Lugu's 4H Project recently hosted around 70 international 4H members for their 2nd Annual Asia Network Board Meeting. And this year this the Lugu Elementary School, in cooperation with National Taiwan University Tea Research Center prepared a select group of students to brew tea for the guests. These students practiced their tea brewing etiquette along with English poetry recitals and conversation since last spring.
Eco-Cha's sourcing director Andy Kincart assisted his tea mentors Tony and Lisa Lin in preparing the students for the event. When Tony asked Andy if he could compose some tea poems for the students to learn, Andy suggested that the students compose the poems in Chinese for him to translate into English. Here is one of the poems that the students wrote and recited in English for their guests.
As the months of preparation passed, Andy was impressed by the students' enthusiasm and innocent pride for their local culture and specialty tea. He felt inspired and privileged to assist in this project. From a very young age, this local pride is fostered and the children are educated about tea and how there hometown is famous for Dong Ding Oolong Tea.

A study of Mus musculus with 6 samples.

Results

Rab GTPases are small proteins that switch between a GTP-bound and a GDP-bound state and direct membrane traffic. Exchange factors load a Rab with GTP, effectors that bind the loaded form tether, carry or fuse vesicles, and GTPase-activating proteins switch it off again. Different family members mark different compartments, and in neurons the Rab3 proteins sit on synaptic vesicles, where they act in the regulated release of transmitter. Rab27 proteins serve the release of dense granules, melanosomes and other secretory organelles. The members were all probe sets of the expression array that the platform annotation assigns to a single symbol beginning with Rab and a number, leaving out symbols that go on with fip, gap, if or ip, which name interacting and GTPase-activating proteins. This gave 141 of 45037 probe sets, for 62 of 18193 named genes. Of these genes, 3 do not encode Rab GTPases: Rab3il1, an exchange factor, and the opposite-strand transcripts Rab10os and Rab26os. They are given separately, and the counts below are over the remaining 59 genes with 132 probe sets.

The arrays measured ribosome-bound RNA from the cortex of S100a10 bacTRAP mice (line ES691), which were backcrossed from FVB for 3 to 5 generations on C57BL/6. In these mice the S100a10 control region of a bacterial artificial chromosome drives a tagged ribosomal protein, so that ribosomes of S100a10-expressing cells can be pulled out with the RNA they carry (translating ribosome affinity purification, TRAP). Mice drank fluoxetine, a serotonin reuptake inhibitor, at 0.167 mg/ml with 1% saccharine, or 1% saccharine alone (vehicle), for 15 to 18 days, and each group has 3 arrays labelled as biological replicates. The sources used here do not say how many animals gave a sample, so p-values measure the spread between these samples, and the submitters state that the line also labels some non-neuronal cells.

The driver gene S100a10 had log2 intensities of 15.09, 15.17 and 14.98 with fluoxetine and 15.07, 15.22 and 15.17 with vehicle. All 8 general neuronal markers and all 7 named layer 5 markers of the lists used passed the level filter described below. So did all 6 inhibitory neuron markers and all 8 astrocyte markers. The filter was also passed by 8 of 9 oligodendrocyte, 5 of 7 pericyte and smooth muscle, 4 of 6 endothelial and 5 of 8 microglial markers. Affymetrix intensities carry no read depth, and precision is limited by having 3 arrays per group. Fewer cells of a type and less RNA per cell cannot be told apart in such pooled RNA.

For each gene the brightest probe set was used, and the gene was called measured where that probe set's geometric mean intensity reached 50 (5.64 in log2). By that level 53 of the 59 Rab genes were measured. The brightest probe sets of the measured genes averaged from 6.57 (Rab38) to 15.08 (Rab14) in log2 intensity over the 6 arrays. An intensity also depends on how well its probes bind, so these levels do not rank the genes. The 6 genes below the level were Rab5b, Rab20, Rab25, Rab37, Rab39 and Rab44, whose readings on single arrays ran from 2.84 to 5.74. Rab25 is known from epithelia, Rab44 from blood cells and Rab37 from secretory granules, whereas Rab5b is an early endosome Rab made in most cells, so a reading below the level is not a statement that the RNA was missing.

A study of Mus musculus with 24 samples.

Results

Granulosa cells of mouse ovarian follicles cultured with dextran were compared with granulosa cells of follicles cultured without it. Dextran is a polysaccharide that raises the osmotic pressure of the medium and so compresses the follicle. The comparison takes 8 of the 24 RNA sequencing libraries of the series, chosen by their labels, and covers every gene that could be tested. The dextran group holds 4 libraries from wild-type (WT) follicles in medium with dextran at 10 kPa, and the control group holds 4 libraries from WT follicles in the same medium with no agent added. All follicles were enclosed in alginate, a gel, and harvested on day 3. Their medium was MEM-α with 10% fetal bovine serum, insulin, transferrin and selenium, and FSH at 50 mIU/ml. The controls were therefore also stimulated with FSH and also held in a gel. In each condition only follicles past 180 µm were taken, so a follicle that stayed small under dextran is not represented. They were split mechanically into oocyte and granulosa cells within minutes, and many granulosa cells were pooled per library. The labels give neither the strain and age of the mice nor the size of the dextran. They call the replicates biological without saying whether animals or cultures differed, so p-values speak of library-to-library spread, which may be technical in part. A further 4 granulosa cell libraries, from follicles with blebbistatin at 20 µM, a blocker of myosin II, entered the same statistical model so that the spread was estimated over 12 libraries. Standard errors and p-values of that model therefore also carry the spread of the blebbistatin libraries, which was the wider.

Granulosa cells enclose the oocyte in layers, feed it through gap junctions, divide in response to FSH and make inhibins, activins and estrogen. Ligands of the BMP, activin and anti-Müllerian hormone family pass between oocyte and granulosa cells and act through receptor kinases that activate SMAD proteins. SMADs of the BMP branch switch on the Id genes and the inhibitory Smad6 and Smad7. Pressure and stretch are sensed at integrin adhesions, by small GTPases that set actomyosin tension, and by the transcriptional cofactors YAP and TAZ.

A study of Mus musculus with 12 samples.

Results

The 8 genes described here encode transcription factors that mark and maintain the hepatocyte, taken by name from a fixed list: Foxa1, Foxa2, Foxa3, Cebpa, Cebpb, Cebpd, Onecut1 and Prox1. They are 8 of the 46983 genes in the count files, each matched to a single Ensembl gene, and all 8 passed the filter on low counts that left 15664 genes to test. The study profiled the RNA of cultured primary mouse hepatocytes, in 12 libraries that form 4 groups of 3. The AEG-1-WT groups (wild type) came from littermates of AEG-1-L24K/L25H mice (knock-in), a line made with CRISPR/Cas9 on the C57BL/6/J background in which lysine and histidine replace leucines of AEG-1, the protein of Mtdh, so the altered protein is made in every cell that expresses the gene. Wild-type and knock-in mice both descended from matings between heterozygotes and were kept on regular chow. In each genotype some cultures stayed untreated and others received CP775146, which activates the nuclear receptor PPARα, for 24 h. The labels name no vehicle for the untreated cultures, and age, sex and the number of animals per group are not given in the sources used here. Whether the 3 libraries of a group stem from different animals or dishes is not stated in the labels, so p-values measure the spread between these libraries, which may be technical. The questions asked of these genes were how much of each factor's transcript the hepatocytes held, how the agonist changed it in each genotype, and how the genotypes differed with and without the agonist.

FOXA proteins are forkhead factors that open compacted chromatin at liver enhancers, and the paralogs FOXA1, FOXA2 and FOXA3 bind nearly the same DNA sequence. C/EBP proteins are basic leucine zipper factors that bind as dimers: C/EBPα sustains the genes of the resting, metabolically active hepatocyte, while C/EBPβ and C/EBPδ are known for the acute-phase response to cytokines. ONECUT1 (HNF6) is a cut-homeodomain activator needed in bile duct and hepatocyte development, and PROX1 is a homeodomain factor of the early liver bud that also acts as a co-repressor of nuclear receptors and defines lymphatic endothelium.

It turned out to be a fine day for event in a picturesque setting at NTU's tea farm and research center. The weather held out just at the right time for the outdoor tea party with live musical accompaniment. It was a highlight in the foreign guests' visit to Lugu.
Below are a couple of scenic snaphots taken from the top of the tea garden where the event was held above Phoenix Village in Lugu Township.
This batch has a particularly sweet character, with slightly tangy, fruity notes and a pleasantly clean lingering aftertaste. It has just enough of that cured, almost fermented character that makes it reminiscent of a traditionally made Tie Guan Yin Oolong. But given that it was only roasted once, it maintains a mild flavor profile similar to a Hong Shui Oolong.